The results were an intense and challenging set of plays. In honesty, this was not my cup of tea. Voltaire’s plays are supposed to stimulate key issues of our times, however being set in the Crusades era and then further back, I didn’t feel that the aspects of religion it presented are that relevant today. Also, mainly the negative parts of religion were presented rather than the positive areas, and in today’s world where tolerance and compassion are being encouraged, some of Voltaire’s work can seem quite inflammatory. Of course that may be why people want to see it in the first place, it is controversial.
The acting was very good. Zaïre, played by Franki Hackett (who was also executive producer) excelled in her role as the slave torn between her lover and her religion. David Harvey, playing the Sultan of Jerusalem (Zaïre) and the General (Mahomet) was a strong actor who emoted well. Krittika Bhattacharjee, playing Zaïre’s confidante, also deserves a mention for her convincing performance, she pulled both plays along nicely.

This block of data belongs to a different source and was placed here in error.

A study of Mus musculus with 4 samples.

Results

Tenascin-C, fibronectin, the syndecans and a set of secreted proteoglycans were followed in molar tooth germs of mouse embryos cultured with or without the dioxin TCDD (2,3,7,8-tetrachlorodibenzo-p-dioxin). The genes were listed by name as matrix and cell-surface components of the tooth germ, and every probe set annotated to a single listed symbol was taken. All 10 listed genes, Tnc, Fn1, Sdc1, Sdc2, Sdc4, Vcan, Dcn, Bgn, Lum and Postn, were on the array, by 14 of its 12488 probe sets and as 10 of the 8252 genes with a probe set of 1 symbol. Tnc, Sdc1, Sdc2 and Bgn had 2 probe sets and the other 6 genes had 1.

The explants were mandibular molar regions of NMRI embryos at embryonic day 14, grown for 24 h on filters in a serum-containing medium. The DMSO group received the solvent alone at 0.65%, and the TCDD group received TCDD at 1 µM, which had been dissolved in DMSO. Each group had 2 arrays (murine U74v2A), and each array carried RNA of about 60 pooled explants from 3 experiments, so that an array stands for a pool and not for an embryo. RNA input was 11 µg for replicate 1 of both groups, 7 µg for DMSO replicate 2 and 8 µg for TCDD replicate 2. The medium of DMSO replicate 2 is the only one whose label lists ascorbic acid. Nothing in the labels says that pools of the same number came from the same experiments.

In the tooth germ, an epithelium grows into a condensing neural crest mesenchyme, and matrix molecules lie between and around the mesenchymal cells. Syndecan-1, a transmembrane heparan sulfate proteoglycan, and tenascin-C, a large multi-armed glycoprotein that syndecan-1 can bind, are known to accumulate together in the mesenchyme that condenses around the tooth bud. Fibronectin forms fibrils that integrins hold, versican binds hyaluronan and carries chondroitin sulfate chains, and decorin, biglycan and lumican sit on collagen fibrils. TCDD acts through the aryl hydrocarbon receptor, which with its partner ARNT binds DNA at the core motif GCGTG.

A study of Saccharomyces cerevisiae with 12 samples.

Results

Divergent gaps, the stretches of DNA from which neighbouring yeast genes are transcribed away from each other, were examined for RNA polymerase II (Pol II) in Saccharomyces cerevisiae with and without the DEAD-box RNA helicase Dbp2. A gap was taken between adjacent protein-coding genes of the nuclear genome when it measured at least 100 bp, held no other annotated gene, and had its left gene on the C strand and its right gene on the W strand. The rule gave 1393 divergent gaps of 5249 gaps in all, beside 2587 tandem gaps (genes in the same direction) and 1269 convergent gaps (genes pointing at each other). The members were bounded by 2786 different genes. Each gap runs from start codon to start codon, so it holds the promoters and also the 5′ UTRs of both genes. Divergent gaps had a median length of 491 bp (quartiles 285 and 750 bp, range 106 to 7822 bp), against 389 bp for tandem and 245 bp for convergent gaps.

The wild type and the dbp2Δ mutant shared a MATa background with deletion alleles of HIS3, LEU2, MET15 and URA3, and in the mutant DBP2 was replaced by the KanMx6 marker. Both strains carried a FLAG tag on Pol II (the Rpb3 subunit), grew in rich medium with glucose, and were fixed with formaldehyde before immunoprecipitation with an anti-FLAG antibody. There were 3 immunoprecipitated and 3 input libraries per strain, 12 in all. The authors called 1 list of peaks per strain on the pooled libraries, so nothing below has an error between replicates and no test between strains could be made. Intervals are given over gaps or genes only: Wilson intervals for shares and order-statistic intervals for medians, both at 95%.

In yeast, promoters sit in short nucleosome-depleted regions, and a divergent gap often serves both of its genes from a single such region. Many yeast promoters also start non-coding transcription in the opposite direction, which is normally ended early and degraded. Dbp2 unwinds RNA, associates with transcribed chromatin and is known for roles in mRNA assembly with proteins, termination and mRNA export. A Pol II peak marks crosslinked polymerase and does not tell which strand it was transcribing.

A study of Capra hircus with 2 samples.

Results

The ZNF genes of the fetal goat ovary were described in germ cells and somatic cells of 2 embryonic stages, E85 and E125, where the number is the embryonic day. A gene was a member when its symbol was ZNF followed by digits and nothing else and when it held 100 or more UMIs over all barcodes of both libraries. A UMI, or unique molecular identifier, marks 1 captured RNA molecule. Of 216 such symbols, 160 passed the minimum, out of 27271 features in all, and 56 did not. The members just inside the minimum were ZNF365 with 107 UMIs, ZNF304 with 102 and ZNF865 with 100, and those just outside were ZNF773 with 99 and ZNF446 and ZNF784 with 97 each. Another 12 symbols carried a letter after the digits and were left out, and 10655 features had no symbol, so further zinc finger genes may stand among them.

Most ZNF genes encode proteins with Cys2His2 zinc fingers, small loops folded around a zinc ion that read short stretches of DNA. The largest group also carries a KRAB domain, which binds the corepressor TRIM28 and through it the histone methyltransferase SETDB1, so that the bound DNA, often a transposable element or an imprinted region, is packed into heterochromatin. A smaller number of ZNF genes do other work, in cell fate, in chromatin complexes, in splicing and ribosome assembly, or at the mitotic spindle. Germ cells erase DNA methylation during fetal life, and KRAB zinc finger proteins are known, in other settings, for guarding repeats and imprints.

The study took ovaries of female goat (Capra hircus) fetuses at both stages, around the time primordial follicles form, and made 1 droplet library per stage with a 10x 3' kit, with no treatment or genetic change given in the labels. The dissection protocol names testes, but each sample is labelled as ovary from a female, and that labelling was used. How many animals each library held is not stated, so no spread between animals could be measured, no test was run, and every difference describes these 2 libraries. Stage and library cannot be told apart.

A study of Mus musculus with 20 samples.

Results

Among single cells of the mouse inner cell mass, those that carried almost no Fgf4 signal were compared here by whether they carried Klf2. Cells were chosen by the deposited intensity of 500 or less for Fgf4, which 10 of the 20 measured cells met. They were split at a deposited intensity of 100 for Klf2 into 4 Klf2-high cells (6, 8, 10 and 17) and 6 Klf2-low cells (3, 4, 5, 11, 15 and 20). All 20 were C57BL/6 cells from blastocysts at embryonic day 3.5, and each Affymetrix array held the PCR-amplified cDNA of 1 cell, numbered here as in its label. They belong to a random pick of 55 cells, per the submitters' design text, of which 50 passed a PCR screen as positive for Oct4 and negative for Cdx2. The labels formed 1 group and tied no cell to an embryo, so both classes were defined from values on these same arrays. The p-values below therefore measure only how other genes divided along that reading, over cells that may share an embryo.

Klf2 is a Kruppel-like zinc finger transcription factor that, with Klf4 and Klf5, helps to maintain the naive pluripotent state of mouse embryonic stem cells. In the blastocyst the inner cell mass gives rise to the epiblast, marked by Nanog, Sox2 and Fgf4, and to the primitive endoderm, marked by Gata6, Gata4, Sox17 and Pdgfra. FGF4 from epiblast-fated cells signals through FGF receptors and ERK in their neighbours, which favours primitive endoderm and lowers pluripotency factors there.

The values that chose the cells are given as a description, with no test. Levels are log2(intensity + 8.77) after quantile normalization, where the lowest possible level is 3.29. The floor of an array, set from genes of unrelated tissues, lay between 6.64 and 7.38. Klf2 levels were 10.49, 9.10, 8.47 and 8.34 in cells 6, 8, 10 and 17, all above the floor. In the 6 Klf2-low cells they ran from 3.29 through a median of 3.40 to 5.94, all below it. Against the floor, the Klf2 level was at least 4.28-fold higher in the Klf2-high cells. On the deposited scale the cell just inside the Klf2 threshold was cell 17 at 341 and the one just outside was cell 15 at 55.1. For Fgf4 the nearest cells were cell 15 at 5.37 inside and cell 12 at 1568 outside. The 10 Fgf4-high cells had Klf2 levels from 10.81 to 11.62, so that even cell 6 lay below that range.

The entire performance lasted (with an interval) from seven until ten thirty. This was slightly long especially in the cold chapel and whilst Mahomet was paced well, with the right amount of tension and speed, Zaïre was a little slow at times with too much discussion between the Sultan and his confidante - it could have been shorter. I felt that some members of the audience were getting a little restless.
Both plays were tragedies, and there were several suicides, with problems mainly centred around women rather than religion in my view. It felt like Shakespeare with a sprinkle of religion…I know this is potentially offensive to all the Voltaire fans out there but it’s just my opinion!
In conclusion, the acting and direction were faultless, and if you like Voltaire’s work then you would probably like this. Just wear your thermals and take a thermos!